It is quite common nowadays for people to choose to live together in a mutually supportive relationship rather than get married. A cohabitating couple like this may live like spouses. For example, one may stay home with the children while the other works and furthers their career, or they might pool income while sharing expenses.
If a couple in those circumstances breaks up, the need for financial support from one to the other going forward may be as real as it would be after a legal marriage.
Spousal support only available to divorcing spouses
However, in Florida cohabitating in a supportive relationship is not enough to secure an alimony obligation, no matter how much the unmarried couple’s life resembles those of many who are married. To reap the financial benefits of marriage at divorce, there must have been a legal marriage – and alimony is a right reserved to divorcing spouses.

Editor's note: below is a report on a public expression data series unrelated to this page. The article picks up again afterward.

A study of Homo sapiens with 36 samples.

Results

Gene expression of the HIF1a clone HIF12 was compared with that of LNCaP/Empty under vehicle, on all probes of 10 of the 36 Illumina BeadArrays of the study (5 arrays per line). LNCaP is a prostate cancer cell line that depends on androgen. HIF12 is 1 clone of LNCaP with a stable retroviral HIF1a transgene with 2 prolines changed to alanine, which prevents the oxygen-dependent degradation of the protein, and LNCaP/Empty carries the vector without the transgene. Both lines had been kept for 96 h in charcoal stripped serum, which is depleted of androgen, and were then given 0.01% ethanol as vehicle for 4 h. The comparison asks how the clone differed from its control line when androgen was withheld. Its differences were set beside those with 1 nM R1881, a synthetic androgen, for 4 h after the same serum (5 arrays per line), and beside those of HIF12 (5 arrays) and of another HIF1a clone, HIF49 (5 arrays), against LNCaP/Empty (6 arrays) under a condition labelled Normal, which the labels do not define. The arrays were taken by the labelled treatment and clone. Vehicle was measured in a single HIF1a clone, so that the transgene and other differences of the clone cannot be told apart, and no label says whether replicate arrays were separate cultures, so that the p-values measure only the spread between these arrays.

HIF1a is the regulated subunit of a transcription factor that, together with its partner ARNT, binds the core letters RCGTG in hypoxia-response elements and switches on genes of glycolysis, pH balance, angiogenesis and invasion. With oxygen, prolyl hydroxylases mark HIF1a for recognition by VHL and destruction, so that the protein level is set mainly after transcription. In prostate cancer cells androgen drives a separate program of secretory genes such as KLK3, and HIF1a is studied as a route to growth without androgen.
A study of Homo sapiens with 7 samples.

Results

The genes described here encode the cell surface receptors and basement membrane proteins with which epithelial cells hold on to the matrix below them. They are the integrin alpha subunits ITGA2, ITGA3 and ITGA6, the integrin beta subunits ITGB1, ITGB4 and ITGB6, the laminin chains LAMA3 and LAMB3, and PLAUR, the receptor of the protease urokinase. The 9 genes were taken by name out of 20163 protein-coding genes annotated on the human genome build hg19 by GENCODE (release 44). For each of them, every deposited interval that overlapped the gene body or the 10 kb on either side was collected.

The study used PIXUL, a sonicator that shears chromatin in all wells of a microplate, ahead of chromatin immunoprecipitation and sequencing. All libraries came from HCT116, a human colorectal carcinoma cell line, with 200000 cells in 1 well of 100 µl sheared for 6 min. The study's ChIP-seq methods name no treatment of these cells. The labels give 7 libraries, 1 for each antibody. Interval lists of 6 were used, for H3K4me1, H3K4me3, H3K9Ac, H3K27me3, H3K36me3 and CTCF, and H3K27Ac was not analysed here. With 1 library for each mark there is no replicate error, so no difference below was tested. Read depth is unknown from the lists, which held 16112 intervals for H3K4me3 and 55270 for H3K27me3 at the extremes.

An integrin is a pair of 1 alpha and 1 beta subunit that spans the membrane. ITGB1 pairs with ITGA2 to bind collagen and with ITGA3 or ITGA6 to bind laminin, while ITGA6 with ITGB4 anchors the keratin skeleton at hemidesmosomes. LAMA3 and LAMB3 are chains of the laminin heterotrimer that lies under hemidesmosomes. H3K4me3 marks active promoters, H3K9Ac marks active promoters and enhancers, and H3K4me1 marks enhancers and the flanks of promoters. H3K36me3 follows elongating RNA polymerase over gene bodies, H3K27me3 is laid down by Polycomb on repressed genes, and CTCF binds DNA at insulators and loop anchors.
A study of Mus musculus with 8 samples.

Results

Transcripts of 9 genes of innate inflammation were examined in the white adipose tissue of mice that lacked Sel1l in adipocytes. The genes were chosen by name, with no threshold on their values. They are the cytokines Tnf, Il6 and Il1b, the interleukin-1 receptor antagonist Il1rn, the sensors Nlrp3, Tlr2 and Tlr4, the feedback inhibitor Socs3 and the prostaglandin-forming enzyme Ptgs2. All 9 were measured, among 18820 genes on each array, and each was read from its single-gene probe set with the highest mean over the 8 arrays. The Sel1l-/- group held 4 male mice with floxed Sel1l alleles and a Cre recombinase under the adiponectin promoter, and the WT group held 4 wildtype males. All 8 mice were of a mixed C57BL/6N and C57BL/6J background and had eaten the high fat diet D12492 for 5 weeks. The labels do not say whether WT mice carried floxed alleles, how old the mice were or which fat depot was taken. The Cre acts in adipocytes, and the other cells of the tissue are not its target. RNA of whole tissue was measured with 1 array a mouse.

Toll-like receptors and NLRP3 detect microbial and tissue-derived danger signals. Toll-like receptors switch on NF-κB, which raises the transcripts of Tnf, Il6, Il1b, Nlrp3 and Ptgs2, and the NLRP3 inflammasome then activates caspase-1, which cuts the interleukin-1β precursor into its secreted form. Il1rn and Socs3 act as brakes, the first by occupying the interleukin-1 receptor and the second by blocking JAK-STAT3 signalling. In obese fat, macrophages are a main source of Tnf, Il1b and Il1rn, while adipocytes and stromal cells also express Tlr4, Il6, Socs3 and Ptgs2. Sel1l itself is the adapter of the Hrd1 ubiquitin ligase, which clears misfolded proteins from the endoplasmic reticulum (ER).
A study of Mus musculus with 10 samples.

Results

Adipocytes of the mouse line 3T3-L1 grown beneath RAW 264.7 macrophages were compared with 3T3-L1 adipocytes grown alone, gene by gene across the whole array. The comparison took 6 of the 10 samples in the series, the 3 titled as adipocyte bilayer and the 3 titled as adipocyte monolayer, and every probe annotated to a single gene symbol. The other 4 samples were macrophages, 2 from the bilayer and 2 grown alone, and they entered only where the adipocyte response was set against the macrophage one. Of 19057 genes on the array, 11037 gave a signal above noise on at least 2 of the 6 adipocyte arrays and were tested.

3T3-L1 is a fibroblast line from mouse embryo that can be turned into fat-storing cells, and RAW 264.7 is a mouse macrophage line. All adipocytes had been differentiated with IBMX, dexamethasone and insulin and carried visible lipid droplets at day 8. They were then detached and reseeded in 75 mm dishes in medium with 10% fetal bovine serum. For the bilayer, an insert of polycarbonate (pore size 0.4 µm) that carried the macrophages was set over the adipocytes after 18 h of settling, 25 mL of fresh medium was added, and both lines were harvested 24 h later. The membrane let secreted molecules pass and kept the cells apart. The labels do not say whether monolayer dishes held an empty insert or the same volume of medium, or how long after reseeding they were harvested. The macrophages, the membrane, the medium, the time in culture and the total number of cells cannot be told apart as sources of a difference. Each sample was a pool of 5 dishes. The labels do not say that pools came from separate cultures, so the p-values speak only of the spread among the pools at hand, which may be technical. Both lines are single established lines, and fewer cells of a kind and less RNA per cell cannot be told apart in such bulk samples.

What about common-law marriage?
On Jan. 1, 1968, Florida stopped recognizing common-law marriages. A common-law marriage is one in which the law establishes a legal marriage after a couple has lived together for a set number of years while holding themselves out to the community as married. Common-law marriages in Florida from before 1968 or that were validly created under the law of another state are still valid in Florida, but cohabitation after common-law marriages in Florida were no longer valid does not create a marriage.
“In Florida, no legal rights or duties flow from mere cohabitation,” said the Fifth District Court of Appeal of Florida in Castetter v. Henderson.
Nonmarital cohabitation agreements
As an alternative, people who cohabitate without marrying may execute a private, written contract that provides for support payments should they separate. The agreement may be as detailed and precise as the parties want it to be. Florida contract law will apply to enforcement and interpretation of such an agreement.